The sudden disappearance yesterday of a known command-and-control point for ZeuS botnets had security researchers appreciative — but wondering about the reason for the sudden takedown.
Registered in Kazakhstan but with a network topology that suggests it might actually have been co-located in a facility in Russia or the Ukraine, Troyak dropped from sight yesterday, according to researchers at Cisco. The researchers have been monitoring the Troyak.org command-and-control system, which they believe has been a conduit for about 25% of all ZeuS-related traffic spawned by criminal botnet operations.
The ZeuS software itself has several variants used to compromise computers in order to steal financially-valuable information from victims.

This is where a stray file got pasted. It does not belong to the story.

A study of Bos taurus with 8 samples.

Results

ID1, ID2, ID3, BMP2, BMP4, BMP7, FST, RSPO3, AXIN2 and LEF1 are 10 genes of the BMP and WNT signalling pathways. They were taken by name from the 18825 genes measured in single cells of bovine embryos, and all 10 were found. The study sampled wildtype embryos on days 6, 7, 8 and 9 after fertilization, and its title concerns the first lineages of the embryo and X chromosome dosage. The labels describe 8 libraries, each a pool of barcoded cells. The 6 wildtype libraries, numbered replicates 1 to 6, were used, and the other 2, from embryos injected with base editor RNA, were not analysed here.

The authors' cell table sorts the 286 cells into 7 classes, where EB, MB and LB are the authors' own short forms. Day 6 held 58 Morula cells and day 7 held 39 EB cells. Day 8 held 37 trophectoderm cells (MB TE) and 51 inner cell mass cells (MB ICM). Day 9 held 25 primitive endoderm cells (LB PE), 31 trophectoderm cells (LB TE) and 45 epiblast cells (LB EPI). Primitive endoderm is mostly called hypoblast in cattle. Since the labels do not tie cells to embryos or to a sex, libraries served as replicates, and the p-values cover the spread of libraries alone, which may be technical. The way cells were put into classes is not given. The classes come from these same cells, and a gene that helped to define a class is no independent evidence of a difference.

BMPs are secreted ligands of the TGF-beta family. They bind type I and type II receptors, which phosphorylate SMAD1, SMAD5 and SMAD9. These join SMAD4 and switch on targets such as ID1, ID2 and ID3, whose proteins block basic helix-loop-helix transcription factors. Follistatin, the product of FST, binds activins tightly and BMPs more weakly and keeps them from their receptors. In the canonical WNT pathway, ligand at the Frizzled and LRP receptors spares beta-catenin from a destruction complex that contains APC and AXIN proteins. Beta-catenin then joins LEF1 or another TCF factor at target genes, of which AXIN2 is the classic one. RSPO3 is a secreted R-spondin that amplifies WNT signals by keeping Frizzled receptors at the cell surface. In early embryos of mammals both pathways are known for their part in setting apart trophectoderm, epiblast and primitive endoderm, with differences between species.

“We don't know exactly why this happened," says Mary Landesman, senior security researcher at ScanSafe, which was recently acquired by Cisco. But she and colleague Henry Stein, Cisco senior security researcher, believe the Troyak shutdown occurred because the Russian ISPs iHome and Oversun-Mercury, as upstream providers, engaged in a “de-peering" action that basically shut off Troyak's access to the Internet. That doesn't mean that ZeuS-infected machines are made free from malware, but that Troyak, at least for the moment, isn't controlling actions on infected machines.
It's not yet known why the Russian upstream ISPs decided to take the actions they did, but presumably it's because they responded to complaints from some source. Then again, the operators of Troyak may simply be on an evasive maneuver to stay ahead of the law.
The shutdown of Troyak, at least for the present, is extremely good news for those trying to keep dangerous botnets from plundering victims around the world, says Landesman. Other recent events, including Microsoft striking a blow at the Waledec botnet and the takedown of the so-called Mariposa botnet , are encouraging signs that cyber-crime activity can be challenged and fought.